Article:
Estimating The Intrinsic Value Of Cerillion Plc (LON:CER)

By
Simply Wall St
Published
September 03, 2021
AIM:CER
Source: Shutterstock

Does the September share price for Cerillion Plc (LON:CER) reflect what it's really worth? Today, we will estimate the stock's intrinsic value by estimating the company's future cash flows and discounting them to their present value. One way to achieve this is by employing the Discounted Cash Flow (DCF) model. There's really not all that much to it, even though it might appear quite complex.

We generally believe that a company's value is the present value of all of the cash it will generate in the future. However, a DCF is just one valuation metric among many, and it is not without flaws. If you still have some burning questions about this type of valuation, take a look at the Simply Wall St analysis model.

Check out our latest analysis for Cerillion

Crunching the numbers

We use what is known as a 2-stage model, which simply means we have two different periods of growth rates for the company's cash flows. Generally the first stage is higher growth, and the second stage is a lower growth phase. To start off with, we need to estimate the next ten years of cash flows. Where possible we use analyst estimates, but when these aren't available we extrapolate the previous free cash flow (FCF) from the last estimate or reported value. We assume companies with shrinking free cash flow will slow their rate of shrinkage, and that companies with growing free cash flow will see their growth rate slow, over this period. We do this to reflect that growth tends to slow more in the early years than it does in later years.

A DCF is all about the idea that a dollar in the future is less valuable than a dollar today, so we discount the value of these future cash flows to their estimated value in today's dollars:

10-year free cash flow (FCF) forecast

2022 2023 2024 2025 2026 2027 2028 2029 2030 2031
Levered FCF (£, Millions) UK£7.65m UK£8.47m UK£9.14m UK£9.66m UK£10.1m UK£10.4m UK£10.7m UK£10.9m UK£11.1m UK£11.3m
Growth Rate Estimate Source Analyst x2 Est @ 10.8% Est @ 7.83% Est @ 5.76% Est @ 4.31% Est @ 3.29% Est @ 2.58% Est @ 2.08% Est @ 1.73% Est @ 1.49%
Present Value (£, Millions) Discounted @ 6.0% UK£7.2 UK£7.5 UK£7.7 UK£7.7 UK£7.5 UK£7.3 UK£7.1 UK£6.8 UK£6.6 UK£6.3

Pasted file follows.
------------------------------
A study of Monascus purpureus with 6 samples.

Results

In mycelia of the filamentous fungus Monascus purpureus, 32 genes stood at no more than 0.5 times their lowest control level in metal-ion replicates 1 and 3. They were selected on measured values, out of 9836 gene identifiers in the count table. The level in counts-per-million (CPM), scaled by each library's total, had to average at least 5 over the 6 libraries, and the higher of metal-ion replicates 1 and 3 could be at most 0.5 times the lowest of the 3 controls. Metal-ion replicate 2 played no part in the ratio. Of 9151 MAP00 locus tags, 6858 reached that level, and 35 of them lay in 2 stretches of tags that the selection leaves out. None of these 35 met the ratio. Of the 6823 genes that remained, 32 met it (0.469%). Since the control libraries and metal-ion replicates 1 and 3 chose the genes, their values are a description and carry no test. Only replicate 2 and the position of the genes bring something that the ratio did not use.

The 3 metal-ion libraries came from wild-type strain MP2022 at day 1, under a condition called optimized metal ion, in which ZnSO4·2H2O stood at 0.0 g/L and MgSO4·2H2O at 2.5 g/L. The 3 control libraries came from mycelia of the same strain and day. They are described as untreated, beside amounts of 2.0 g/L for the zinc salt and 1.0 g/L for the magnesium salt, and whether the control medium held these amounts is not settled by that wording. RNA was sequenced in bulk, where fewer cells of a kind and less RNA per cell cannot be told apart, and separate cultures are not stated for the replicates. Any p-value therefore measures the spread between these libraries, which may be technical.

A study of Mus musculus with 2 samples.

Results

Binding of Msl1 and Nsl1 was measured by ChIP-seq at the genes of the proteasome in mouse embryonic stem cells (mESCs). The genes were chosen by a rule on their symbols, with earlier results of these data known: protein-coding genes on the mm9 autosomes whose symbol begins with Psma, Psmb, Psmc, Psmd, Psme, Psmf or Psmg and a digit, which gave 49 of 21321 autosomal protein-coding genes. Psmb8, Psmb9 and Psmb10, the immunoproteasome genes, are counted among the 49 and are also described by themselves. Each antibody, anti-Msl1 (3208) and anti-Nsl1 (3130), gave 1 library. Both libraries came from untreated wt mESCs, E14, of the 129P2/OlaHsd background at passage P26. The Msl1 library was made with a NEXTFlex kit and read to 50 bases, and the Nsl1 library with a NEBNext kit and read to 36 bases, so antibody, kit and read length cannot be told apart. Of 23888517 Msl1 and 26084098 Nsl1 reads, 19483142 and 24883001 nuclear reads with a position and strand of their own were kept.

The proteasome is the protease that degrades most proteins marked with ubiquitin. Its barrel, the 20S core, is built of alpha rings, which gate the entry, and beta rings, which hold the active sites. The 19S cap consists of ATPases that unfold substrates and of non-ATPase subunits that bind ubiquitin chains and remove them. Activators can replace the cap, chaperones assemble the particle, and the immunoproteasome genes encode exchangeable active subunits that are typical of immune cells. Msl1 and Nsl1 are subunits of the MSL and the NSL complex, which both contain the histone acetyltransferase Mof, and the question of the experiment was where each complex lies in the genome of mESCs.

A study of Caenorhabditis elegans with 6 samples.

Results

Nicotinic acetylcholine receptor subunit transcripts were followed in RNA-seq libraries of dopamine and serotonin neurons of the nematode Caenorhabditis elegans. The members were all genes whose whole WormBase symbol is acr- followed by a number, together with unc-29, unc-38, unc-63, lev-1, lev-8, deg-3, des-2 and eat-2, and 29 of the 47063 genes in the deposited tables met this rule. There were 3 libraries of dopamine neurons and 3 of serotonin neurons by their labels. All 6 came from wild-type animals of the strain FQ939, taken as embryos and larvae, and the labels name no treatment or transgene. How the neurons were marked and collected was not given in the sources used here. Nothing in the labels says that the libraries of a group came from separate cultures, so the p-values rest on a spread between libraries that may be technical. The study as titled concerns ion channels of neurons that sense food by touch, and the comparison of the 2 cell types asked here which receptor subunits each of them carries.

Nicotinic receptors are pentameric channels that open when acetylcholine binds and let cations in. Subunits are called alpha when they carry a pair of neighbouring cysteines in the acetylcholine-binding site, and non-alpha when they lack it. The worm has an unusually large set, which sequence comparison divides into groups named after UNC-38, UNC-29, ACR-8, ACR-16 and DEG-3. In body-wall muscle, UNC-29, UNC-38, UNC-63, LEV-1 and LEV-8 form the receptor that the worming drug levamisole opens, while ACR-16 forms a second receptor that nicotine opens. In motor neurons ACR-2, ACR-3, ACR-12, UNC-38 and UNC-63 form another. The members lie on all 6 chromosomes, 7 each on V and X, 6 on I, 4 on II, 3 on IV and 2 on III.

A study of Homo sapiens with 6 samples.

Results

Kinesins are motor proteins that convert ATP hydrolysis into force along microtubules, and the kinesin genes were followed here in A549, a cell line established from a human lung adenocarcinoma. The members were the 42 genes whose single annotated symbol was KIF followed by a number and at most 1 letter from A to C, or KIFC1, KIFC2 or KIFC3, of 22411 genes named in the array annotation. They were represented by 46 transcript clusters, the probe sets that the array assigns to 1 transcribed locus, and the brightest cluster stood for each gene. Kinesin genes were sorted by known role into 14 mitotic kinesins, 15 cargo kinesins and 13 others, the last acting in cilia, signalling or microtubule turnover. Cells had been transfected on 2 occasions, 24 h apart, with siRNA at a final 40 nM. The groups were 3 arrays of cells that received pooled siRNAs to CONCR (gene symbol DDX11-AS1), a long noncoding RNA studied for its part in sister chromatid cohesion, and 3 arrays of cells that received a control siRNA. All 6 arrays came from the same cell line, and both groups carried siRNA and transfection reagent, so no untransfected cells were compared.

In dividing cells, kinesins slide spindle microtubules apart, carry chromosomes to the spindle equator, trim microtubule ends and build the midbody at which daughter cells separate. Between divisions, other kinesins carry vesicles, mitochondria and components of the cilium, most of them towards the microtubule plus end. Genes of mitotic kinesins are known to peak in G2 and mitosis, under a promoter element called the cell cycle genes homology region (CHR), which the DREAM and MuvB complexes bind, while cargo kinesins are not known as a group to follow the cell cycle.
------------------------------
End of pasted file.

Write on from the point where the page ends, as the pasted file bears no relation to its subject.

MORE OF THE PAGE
("Est" = FCF growth rate estimated by Simply Wall St)
Present Value of 10-year Cash Flow (PVCF) = UK£71m

We now need to calculate the Terminal Value, which accounts for all the future cash flows after this ten year period. The Gordon Growth formula is used to calculate Terminal Value at a future annual growth rate equal to the 5-year average of the 10-year government bond yield of 0.9%. We discount the terminal cash flows to today's value at a cost of equity of 6.0%.

Terminal Value (TV)= FCF2031 × (1 + g) ÷ (r – g) = UK£11m× (1 + 0.9%) ÷ (6.0%– 0.9%) = UK£223m

Present Value of Terminal Value (PVTV)= TV / (1 + r)10= UK£223m÷ ( 1 + 6.0%)10= UK£124m

The total value is the sum of cash flows for the next ten years plus the discounted terminal value, which results in the Total Equity Value, which in this case is UK£195m. To get the intrinsic value per share, we divide this by the total number of shares outstanding. Compared to the current share price of UK£7.5, the company appears around fair value at the time of writing. Valuations are imprecise instruments though, rather like a telescope - move a few degrees and end up in a different galaxy. Do keep this in mind.

dcf
AIM:CER Discounted Cash Flow September 4th 2021

The assumptions

The calculation above is very dependent on two assumptions. The first is the discount rate and the other is the cash flows. If you don't agree with these result, have a go at the calculation yourself and play with the assumptions. The DCF also does not consider the possible cyclicality of an industry, or a company's future capital requirements, so it does not give a full picture of a company's potential performance. Given that we are looking at Cerillion as potential shareholders, the cost of equity is used as the discount rate, rather than the cost of capital (or weighted average cost of capital, WACC) which accounts for debt. In this calculation we've used 6.0%, which is based on a levered beta of 0.959. Beta is a measure of a stock's volatility, compared to the market as a whole. We get our beta from the industry average beta of globally comparable companies, with an imposed limit between 0.8 and 2.0, which is a reasonable range for a stable business.

Next Steps:

Valuation is only one side of the coin in terms of building your investment thesis, and it shouldn't be the only metric you look at when researching a company. DCF models are not the be-all and end-all of investment valuation. Instead the best use for a DCF model is to test certain assumptions and theories to see if they would lead to the company being undervalued or overvalued. If a company grows at a different rate, or if its cost of equity or risk free rate changes sharply, the output can look very different. For Cerillion, we've put together three additional elements you should look at:

  1. Risks: You should be aware of the 1 warning sign for Cerillion we've uncovered before considering an investment in the company.
  2. Future Earnings: How does CER's growth rate compare to its peers and the wider market? Dig deeper into the analyst consensus number for the upcoming years by interacting with our free analyst growth expectation chart.
  3. Other High Quality Alternatives: Do you like a good all-rounder? Explore our interactive list of high quality stocks to get an idea of what else is out there you may be missing!

PS. Simply Wall St updates its DCF calculation for every British stock every day, so if you want to find the intrinsic value of any other stock just search here.